One of the main themes of this blog is “What’s changed in the last 50 years?” — as far as our understanding of physics and the cosmos. For this post, let’s consider the last 100 years or so. There have been major changes in our cosmic perspective. Rather than adding the content of this post as a comment for a previous one on the topic (see notes), I decided that this video visualization merits its own post.
This retrospective on the SpaceRip YouTube channel contains wonderful visuals. Many comments praise the narration. The video takes us from the days of an island universe into the quest to understand distant incredibly powerful gamma ray bursts. In particular, the role that the Swift Gamma-Ray Burst space telescope (now called the Neil Gehrels Swift Observatory) has played in that understanding.
There have been times when our understanding of the universe has reached a standstill — when our grasp of the workings of time and space, the nature of matter and energy do not fully square with what we observe. In those times, opposing world views cannot be resolved. So it was in the spring of 1920 when astronomers debated the scale of the universe …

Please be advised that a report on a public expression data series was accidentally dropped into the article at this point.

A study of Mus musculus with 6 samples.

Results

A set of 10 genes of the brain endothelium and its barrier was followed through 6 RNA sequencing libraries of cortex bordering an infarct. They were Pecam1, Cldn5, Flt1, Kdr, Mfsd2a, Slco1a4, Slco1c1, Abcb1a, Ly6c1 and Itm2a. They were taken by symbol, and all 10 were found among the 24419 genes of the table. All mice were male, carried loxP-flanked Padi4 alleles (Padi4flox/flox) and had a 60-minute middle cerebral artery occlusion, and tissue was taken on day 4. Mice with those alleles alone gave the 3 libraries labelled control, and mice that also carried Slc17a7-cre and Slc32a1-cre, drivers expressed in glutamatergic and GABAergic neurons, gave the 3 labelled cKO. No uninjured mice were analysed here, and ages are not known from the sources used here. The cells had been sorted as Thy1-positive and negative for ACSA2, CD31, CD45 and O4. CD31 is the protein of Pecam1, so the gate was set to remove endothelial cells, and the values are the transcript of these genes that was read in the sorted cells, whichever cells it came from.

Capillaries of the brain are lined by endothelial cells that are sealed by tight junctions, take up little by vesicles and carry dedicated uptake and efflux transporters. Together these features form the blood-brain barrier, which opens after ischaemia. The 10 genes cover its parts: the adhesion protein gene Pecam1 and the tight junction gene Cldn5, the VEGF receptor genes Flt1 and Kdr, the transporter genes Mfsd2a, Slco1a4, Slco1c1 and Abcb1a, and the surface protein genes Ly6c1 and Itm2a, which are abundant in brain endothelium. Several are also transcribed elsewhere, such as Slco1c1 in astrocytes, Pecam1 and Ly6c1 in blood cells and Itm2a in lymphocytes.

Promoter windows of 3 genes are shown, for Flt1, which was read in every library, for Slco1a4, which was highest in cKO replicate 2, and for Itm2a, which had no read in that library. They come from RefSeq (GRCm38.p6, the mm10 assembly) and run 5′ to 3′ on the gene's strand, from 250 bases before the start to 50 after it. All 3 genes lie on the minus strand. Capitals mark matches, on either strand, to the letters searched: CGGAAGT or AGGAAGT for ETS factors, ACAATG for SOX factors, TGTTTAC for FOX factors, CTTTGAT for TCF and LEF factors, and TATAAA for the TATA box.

September 13th 2008, the Swift satellite recorded a burst with the power of 9000 supernovae and a jet that was clocked at 99.9999% the speed of light.
April 29th 2009, brought the second most distant object ever recorded. The journey of this gamma-ray burst started 13.14 billion years ago.
Astronomers have begun to see these beacons as probes for understanding the chemical evolution of the cosmos going all the way back to when stars and galaxies were just beginning to form. But how does nature produce a beacon of light that can reach across the entire breadth of the visible universe? One team of scientists has been looking for answers close to home in a giant galaxy some 50 million light years away known as M87.